When the result of this mission was reported in Rome, all other matters were at once laid aside and the fetials1
were sent to demand redress. This was refused and the senate decreed that a formal declaration of war should be submitted for the approval of the people as soon as possible.
The people ratified the action of the senate and ordered the two consuls to start, each with his army; Valerius for Campania, where he fixed his camp at Mount Glaurus, whilst Cornelius advanced into Samnium and encamped at Saticula. 2
. —Valerius was the first to come into touch with the Samnite legions.
They had marched into Campania because they thought that this would be the main theatre of war, and they were burning to wreak their rage on the Campanians who had been so ready first to help others against them and then to summon help for themselves.
As soon as they saw the Roman camp, they one and all clamoured for the signal for battle to be given by their leaders; they declared that the Romans would have the same luck in helping the Campanians that the Campanians had had in helping the Sidicines.
For a few days Valerius confined himself to skirmishes, with the object of testing the enemy's strength.
At length he put out the signal for battle and spoke a few words of encouragement to his men. He told them not to let themselves be daunted by a new war or a new enemy, for the further they carried their arms from the City the more unwarlike were the nations whom they approached.
They were not to measure the courage of the Samnites by the defeats they had inflicted on the Sidicines and the Campanians; whenever two nations fought together, whatever the qualities they possessed, one side must necessarily be vanquished.
There was no doubt that as far as the Campanians were concerned they owed their defeats more to their want of hardihood and the weakening effects of excessive luxury than to the strength of their enemies. What could two successful wars an the part of the Samnites through all those centuries weigh against the many brilliant achievements at the Roman people,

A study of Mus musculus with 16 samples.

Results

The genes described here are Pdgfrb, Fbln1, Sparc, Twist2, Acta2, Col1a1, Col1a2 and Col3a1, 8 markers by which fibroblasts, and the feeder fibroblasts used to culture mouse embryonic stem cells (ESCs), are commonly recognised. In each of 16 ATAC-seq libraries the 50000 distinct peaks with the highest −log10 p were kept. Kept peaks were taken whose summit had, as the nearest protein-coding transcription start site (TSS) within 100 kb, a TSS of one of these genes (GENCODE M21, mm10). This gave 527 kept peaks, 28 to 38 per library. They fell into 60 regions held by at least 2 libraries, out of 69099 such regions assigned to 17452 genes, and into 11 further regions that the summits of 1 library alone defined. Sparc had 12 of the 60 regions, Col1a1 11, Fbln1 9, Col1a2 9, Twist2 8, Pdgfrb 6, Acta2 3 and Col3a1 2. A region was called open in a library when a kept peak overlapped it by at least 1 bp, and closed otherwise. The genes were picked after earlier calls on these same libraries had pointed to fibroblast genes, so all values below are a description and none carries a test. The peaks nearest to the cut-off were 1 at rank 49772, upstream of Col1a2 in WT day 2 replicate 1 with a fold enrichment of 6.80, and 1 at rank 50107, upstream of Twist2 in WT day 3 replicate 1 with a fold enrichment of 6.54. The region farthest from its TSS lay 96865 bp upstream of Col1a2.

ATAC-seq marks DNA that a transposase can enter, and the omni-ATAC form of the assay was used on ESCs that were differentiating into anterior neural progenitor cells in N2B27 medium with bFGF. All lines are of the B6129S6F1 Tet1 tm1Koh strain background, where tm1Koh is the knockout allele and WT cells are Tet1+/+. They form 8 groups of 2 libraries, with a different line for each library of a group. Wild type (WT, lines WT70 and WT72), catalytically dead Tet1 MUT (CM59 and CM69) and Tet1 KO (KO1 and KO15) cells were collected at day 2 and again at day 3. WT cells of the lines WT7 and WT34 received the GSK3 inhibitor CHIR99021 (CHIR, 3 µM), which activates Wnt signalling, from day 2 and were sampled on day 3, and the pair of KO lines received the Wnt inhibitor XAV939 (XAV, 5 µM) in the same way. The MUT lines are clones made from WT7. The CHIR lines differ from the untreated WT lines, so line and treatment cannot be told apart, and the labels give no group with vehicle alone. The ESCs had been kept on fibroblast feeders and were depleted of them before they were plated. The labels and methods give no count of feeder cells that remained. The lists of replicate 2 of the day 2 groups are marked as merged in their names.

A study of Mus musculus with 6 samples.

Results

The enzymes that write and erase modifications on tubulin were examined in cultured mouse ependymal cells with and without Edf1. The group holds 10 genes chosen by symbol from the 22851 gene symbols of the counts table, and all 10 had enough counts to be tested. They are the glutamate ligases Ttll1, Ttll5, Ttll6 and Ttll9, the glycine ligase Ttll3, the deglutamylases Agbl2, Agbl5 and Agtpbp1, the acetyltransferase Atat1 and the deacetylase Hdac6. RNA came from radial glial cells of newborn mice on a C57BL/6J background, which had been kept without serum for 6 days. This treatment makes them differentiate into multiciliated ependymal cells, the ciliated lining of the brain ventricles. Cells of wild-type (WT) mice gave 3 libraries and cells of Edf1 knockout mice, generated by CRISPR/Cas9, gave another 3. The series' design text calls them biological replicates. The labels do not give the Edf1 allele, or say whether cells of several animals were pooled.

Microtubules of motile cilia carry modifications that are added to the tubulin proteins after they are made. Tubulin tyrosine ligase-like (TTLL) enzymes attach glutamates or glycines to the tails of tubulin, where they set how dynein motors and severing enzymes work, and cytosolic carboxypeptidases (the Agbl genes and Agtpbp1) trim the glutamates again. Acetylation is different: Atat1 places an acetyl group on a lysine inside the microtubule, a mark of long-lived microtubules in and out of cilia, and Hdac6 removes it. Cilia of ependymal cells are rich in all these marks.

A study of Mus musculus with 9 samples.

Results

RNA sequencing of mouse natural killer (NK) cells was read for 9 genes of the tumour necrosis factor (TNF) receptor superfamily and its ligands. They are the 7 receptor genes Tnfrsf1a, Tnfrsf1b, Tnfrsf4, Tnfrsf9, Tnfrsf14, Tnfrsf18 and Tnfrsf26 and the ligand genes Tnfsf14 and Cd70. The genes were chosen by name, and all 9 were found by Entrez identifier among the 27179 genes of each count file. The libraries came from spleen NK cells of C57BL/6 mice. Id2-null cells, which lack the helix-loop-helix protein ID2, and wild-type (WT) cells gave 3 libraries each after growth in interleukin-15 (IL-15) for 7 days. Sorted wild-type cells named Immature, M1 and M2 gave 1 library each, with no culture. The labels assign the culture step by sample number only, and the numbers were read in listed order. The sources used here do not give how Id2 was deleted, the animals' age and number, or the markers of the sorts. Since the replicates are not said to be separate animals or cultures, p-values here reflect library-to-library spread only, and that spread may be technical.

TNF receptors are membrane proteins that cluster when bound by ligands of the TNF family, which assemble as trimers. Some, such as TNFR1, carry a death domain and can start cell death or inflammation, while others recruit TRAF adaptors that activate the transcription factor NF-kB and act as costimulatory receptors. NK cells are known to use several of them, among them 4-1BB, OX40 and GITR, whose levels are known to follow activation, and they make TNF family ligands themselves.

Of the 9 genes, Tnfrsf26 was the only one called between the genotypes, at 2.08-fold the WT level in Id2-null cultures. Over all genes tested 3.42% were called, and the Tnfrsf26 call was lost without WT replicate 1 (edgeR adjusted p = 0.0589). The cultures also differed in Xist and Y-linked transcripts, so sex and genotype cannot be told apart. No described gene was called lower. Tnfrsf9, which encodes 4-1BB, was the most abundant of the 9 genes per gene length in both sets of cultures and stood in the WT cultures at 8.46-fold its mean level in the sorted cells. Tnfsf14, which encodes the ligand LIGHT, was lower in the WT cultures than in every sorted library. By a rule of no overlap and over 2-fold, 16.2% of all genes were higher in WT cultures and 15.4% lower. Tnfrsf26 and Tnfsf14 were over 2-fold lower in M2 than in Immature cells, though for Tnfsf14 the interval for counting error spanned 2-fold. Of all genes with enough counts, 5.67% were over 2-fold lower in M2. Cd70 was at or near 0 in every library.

who reckoned up almost more triumphs than years since the foundation of their City, who had subdued by the might at their arms all the surrounding nations —Sabines, Etruscans, Latins, Hernici, Aequi, Volscians, and Auruncans —who had slain the Gauls in so many battles and driven them at last to their ships?
His men must not only go into action in full reliance upon their own courage and warlike reputation, but they must also remember under whose auspices and generalship they were going to fight, whether under a man who is only
to be listened to provided he is a big talker, courageous only in words, ignorant of a soldier's work, or under one who himself knows how to handle weapons, who can show himself in the front, and do his duty in the melee at battle.
‘I want you, soldiers,’ he continued, ‘to follow my deeds not my words, and to look to me not only for the word at command but also for example. It was not by party struggles nor by the intrigues so common amongst the nobles but by my own right hand that I won three consulships and attained the highest reputation.
There was a time when it might have been said to me, ‘Yes, for you were a patrician descended from the liberators at our country, and your family held the consulship in the very year when this City first possessed consuls.’
Now, however, the consulship is open to you, plebeians, as much as to us who are patricians; it is not the reward of high birth as it once was, but of personal merit. Look forward then, soldiers, to securing all the highest honours!
If with the sanction of the gods you men have given me this new name at Corvinus, I have not forgotten the old cognomen of our family; I have not forgotten that I am a Publicola.3
I always study and always have studied the interests of the Roman plebs, both at home and in the field, whether as a private citizen or holding public office, whether as military tribune or as consul. I have been consistent to this aim in all my successive consulships.
And now for what is immediately before us: go on with the help at heaven, and win with me for the first time a triumph over your new foes —the Samnites.’